The New York Times is diving into its photo archive this month in search of "unpublished black history." The archive, known as the Morgue, is a library of photographs and negatives that lives in a subbasement. It’s an unassuming place of whitewashed walls and fluorescent lights. It smells like photo chemicals, sweet and pungent. File cabinets and file boxes sit shoulder to shoulder. But jammed into those file drawers are folders full of history. Among the Morgue's hidden treasures: thousands of envelopes of negatives, most of which were never published. We sat down with Darcy Eveleigh, the Times photo editor who uncovered the pictures the newspaper recently published for the first time, and Rachel Swarns, a reporter who dug up some of the stories behind the images.
Darcy Eveleigh: There’s a senior editor here at The Times named Dana Canedy. She knew of my interest in the Morgue, and she approached me to see if I thought something could be done for Black History Month. "Of course," I said.
This is such a huge undertaking. Where did you begin?
Eveleigh: I made a list. I picked 10 icons of black history. Of course No. 1 on that list was Martin Luther King. I went to his folders and I found a photo of him that I am pretty certain is the most published image of him in The New York Times, at least as indicated on the back of the picture, which had dozens of stamped publish marks.
I’d always thought it was a portrait sitting, but in looking at the negatives, I discovered it wasn’t. It was actually taken at a roundtable at NBC with other black leaders on location. From that first picture, I thought, "Let’s go through and see what else is hidden."
So what else did you find?
Rachel Swarns: You've got these amazing images. But there were these stories behind the images that were not the ones we assumed we might tell. For example, we had this photo of Lena Horne. We had run a close-up of her in an article about a new TV show she was in, but we had a larger photo of her in her apartment that had never run. And in reading the story that ran, in passing, it said it had been hard for her to find an apartment. And I thought, "It was hard for Lena Horne to find an apartment. Why?" That set me off doing research about her past, and the story that emerged was about how Lena Horne, as a black woman, even famous, had a hard time to find someone to rent or sell her an apartment. I don’t think any of us imagined that was the story that would come from the photograph.
How have readers responded?
Swarns: We’ve been getting responses from hundreds of people. People are connecting in interesting ways. "Oh, I remember that parade," they might say, or "I lived near there, where Jesse Jackson came out to protest." We have a photo of Jackie Robinson speaking at City College in New York in 1949. We asked readers to see if they were there in the classroom with him. The responses are still coming in. We are unveiling these photos and we are telling these stories but we hope our readers will play in an important part in continuing this conversation.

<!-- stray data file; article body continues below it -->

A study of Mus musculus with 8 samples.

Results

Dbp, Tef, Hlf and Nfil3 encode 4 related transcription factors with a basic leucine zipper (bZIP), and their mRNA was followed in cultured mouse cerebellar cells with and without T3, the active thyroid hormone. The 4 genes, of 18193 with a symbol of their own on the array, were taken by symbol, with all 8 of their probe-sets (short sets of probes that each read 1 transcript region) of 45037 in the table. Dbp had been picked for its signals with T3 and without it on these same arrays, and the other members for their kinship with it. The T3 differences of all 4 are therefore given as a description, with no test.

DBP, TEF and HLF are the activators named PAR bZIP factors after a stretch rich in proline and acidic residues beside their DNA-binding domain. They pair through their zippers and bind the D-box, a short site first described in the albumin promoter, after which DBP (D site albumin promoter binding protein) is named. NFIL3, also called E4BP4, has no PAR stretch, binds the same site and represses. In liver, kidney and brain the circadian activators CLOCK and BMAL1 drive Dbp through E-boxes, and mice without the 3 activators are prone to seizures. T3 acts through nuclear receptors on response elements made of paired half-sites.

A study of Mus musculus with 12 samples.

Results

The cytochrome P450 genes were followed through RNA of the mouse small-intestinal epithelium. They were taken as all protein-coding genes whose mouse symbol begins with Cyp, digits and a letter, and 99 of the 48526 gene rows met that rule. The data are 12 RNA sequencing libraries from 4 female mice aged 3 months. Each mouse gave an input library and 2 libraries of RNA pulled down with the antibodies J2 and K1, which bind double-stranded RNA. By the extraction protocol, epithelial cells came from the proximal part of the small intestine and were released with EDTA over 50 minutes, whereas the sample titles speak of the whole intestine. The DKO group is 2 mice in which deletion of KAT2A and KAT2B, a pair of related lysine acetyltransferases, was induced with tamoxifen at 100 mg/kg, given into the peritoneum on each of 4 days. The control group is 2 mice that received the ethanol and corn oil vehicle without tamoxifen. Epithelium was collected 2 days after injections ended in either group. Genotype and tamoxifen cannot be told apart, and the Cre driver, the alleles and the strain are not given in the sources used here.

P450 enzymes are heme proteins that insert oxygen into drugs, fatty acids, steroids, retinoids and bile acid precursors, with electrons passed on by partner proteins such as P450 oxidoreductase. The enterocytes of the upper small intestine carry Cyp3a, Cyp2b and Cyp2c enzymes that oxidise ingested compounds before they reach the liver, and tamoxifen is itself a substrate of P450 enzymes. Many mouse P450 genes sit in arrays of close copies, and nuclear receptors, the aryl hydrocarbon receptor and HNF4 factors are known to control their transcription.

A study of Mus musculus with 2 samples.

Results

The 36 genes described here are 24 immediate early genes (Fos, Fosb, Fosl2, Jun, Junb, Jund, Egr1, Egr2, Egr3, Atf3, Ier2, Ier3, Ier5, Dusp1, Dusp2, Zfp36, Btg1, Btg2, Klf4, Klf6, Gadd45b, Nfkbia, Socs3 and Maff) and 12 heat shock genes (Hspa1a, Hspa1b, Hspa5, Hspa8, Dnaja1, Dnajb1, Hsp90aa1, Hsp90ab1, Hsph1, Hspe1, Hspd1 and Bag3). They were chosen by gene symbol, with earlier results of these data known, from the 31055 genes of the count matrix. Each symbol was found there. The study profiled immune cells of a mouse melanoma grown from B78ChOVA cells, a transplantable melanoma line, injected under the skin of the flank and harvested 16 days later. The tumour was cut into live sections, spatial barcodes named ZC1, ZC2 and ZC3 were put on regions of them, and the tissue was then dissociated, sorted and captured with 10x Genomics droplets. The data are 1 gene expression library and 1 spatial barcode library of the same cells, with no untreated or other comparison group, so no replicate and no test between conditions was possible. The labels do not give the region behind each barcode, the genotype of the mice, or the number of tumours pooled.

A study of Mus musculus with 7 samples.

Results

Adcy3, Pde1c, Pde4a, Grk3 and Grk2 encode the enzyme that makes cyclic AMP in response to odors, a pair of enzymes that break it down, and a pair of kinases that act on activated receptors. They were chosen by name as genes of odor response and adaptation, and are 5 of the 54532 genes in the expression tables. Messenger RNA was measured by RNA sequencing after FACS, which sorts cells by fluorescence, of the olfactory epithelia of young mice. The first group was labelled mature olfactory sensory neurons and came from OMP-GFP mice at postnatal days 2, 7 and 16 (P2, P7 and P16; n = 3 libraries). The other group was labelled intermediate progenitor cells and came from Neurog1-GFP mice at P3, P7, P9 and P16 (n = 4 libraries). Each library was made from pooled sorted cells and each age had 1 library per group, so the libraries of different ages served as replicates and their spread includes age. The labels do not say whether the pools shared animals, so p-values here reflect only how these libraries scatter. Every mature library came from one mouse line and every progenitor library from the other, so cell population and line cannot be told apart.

The Times is at a place now where we are really trying to engage our readers in a broader conversation about race.
What’s been most challenging?
Eveleigh: I am a picture editor. For me the pictures have to be beautiful. Sometimes you can find moments and events, but you have to ask, "Is this worthy of this project?" My first concern is it has to be so riveting to look at that it will hold a reader’s attention. That’s hard. I ask myself, "Do we have the right balance? The right mix of subjects, heavy and light and newsworthy and fun?" Finding that is also a challenge.
We wonder what it will be like for photo editors of the future who, looking back on our era, will have to sift through thousands of Instagram feeds or unedited digital photo databases. What do you think it will be like for them?
Eveleigh: Right now I live in the golden age of photo editing. I have an untapped print and negative collection, and I have the digital collection. I have the best of both worlds. In 50 years will these hard copy collections be digitized and tossed away? How easy will it be to sift through a digital collection? I have to consider myself so fortunate that I have both collections to work with at this point in my career.
Disclosure: Samantha Storey used to work at The New York Times. This interview was edited and condensed.